UPDATED Dec. 3, 2021, at 4:23 PM

What Redistricting Looks Like In Every State

An updating tracker of proposed congressional maps — and whether they might benefit Democrats or Republicans in the 2022 midterms and beyond. How this works »

The partisan breakdown of Alabama’s new map
Status:Approved
partisan lean of districts:
Old map
7 districts
majority
This map
7 districts
There are 1 Democratic-leaning seat and 6 Republican-leaning seats in this proposed map.Change from old map: None.
The competitiveness and fairness of Alabama's maps
Median seat
Difference between the partisan lean of the state’s median district and the state as a whole.
Old mapR+3.4
New mapR+4.0
Efficiency gap
Difference between each party’s share of “wasted votes” — those that don’t contribute to a candidate winning.
New mapR+9.8
Old mapR+11.3
Competitiveness
The number of districts in the state whose partisan leans are between R+5 and D+5.
Old map0/7
New map0/7
The demographic and partisan breakdown of Alabama’s new map
White
Black
Hispanic
Asian
Other
DistrictIncumbentPartisan leanRacial makeup
1st
Jerry L. CarlR
R+32
2nd
Barry MooreR
R+34
3rd
Mike RogersR
R+39
4th
Robert B. AderholtR
R+65
5th
Mo BrooksR
R+32
6th
Gary PalmerR
R+36
7th
Terri A. SewellD
D+29

The racial makeup of each district is of the voting-age population.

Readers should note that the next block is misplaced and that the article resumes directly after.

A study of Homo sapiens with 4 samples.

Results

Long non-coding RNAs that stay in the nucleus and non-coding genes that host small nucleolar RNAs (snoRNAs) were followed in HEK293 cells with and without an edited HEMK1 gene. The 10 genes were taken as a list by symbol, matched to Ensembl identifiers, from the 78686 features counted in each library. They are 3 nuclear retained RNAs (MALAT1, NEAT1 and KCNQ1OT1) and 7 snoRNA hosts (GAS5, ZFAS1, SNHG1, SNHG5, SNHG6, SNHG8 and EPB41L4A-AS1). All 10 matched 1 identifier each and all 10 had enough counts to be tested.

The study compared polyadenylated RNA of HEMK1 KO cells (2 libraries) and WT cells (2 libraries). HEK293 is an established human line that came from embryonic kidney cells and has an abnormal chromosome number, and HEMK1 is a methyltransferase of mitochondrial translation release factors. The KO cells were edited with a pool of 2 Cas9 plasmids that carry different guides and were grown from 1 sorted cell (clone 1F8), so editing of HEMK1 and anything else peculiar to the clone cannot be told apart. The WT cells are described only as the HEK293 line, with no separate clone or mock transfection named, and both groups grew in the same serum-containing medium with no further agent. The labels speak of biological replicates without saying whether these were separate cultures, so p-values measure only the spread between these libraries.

The latest in Alabama

Nov. 4, 2021

As expected, Republican Gov. Kay Ivey signed a new GOP-drawn congressional map into law on Nov. 4. The plan will lock in a continued six-to-one edge for the GOP in the state, with six ruby-red districts that are each at least R+32 along with one very blue and majority-Black seat represented by Democratic Rep. Terri Sewell.

It’s possible, though, that legal action could affect the implementation of this plan. The census found Alabama’s population to be more than one-fourth Black, which is why Democrats and minority-rights groups have argued that more than one-seventh of the state’s congressional districts should potentially elect a Black member of Congress. With this goal in mind, two Democratic state legislators and four voters filed a racial gerrymandering lawsuit against the state of Alabama ahead of the redistricting session.

Latest updates
Icon of the Alabama state boundaries
Nov. 15
Registered voters in Alabama, along with a faith organization and the NAACP, filed two lawsuits challenging the state's congressional and state legislative maps. Plaintiffs argue that the new districts are unconstitutional racial gerrymanders, and that the congressional map violates section 2 of the Voting Rights Act.
Icon of the Alabama state boundaries
Nov. 5
A federal lawsuit has been filed against Alabama's new congressional plan. The complaint alleges the new congressional map violates section 2 of the Voting Rights Act.
Icon of the Alabama state boundaries
Nov. 4
Alabama's governor signed the bills which established new congressional and legislative (house and senate) districts for the state.

Republicans fully control the congressional redistricting process. New maps are drawn and passed by the Republican state legislature and signed into law by the Republican governor.